In July, security researchers demonstrated their ability to remotely access a Jeep Cherokee SUV without permission through the vehicle’s on-board entertainment system. Chrysler offers the UConnect system, which connects vehicles and their internal Wi-Fi to the public Internet via a cellular network. The hackers were able to take control of the Jeep’s steering, transmission and brakes through the service. More recently, researchers also managed to similarly hack into the Tesla Model S’ infotainment system and shut off the vehicle’s engine with a keystroke.
While both incidents were startling, there were some key differences in terms of execution by the hackers and the reactions of the automakers and consumers, a Time magazine article points out.
The Tesla hack, for one, required physical access to the vehicle. The Jeep attack did not. Fiat Chrysler had to recall 1.4 million Jeeps, which actually meant that it mailed Jeep owners a USB stick that would give the cars a necessary patch to provide protection from such hacks in the future. It’s doubtful that all those Jeep owners will actually take the time to plug in the Jeep’s USB stick. Meanwhile, Tesla automatically sent a patch to all its Model S vehicles via an over-the-air update – kind of like how a smartphone gets software fixes.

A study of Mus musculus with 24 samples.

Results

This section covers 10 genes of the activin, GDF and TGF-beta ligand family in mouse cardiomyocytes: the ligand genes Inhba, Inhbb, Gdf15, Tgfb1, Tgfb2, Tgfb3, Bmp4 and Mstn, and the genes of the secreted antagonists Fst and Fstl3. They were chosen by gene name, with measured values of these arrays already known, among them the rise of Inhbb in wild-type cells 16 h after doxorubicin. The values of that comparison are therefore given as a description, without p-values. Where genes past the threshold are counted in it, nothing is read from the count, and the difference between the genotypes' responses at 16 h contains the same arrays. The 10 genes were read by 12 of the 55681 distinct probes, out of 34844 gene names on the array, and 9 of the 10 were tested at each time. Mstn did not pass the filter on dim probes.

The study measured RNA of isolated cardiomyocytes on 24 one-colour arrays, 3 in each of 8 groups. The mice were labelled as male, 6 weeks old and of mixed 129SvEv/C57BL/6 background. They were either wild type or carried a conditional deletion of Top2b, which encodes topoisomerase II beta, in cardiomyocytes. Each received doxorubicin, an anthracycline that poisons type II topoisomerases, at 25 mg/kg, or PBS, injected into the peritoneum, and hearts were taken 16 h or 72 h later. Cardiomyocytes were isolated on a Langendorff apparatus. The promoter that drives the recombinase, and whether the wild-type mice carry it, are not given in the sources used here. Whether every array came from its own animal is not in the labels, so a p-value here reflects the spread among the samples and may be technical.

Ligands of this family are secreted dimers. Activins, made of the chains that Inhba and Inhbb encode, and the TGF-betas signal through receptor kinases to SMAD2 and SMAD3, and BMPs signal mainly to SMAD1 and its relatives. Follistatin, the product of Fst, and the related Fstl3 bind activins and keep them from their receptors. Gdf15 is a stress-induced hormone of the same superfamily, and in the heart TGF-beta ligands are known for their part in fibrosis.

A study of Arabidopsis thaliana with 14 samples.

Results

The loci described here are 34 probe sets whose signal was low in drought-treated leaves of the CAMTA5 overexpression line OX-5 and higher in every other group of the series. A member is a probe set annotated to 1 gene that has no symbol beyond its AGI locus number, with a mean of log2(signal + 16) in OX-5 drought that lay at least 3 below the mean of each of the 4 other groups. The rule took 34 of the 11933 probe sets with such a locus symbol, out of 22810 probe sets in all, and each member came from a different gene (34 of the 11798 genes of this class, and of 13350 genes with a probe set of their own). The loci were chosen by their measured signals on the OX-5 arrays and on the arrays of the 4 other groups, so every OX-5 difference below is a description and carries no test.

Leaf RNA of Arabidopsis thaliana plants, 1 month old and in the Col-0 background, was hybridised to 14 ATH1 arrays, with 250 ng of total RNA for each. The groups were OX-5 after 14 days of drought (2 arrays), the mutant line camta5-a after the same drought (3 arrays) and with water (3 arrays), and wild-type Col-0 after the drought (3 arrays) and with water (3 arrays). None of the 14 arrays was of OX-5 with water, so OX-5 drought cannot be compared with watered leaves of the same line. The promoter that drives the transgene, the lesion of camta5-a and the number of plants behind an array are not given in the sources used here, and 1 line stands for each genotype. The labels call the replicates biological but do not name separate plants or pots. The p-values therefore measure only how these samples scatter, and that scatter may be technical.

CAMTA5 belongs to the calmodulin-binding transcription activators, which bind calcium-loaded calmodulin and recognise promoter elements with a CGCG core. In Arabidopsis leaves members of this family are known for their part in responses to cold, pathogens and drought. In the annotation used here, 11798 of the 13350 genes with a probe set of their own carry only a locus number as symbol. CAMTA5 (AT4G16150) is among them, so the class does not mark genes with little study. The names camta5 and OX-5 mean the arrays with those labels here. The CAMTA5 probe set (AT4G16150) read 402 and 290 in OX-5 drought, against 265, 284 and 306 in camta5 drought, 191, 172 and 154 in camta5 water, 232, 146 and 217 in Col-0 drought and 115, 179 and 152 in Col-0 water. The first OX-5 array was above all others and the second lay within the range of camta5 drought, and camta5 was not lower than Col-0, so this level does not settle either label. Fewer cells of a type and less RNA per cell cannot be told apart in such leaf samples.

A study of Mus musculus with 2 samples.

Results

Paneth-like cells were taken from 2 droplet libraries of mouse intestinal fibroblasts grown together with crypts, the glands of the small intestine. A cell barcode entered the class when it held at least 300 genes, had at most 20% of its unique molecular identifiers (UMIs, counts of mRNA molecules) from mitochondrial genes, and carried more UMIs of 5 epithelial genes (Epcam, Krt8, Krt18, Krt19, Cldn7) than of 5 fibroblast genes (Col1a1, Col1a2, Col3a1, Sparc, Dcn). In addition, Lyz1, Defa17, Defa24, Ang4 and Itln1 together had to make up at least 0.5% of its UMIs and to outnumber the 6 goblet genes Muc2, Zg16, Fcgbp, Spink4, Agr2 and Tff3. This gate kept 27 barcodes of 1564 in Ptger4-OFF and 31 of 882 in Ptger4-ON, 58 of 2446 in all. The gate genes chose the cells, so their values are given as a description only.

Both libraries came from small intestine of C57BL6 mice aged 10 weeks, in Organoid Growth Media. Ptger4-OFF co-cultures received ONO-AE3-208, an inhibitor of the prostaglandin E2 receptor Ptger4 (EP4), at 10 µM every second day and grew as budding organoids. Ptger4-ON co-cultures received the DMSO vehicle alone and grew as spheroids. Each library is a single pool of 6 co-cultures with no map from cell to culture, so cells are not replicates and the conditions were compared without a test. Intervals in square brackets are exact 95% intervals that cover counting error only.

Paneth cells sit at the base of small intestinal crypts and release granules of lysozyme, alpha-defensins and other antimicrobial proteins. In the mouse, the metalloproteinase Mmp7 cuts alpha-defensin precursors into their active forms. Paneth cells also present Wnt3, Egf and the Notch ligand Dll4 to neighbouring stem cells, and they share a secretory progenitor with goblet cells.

It’s a valid analogy. While it may be cutting edge for a vehicle to behave more like a smartphone, automakers are faced with the security risks that come with connecting to the Internet, which presents a whole host of issues they are not used to addressing.
Consumers aren’t taking the Jeep attack lightly. On Aug. 6, a group of Jeep owners filed a class-action lawsuit against Chrysler. According to The Register, the attorneys claim Chrysler’s distribution of the security software update was flawed. Car owners download the patch via HTTP, and not secure HTTPS, which leaves the code vulnerable to tampering by man-in-the-middle attackers, the filing claims.
The automaker’s UConnect service piggybacks on Sprint’s network. Apparently, Sprint has since locked down its network but owners are advised to still install the USB sticks.
Chrysler has not only had to deal with negative publicity, it had to bear the financial burden of mailing 1.4 million USB sticks to Jeep owners as part of its recall. Now it will deal with the expense of defending a lawsuit, which will probably only gain steam as more people become aware of its existence.
The hackers claim Chrysler’s current woes could have been avoided if it had used a basic intrusion detection system they had put together last year, when they reportedly first identified the security flaw.
The incident has shed light on how crucial network security is to automakers and their financial health as vehicles become more connected. In their quest to beat competitors in the connectivity race, automakers (as are other types of manufacturers) are underestimating the additional security exposures created. It seems that to be better prepared against such hacks in the future, automakers need to invest more upfront in network security so they won’t find themselves in the unenviable position of defending themselves in lawsuits later.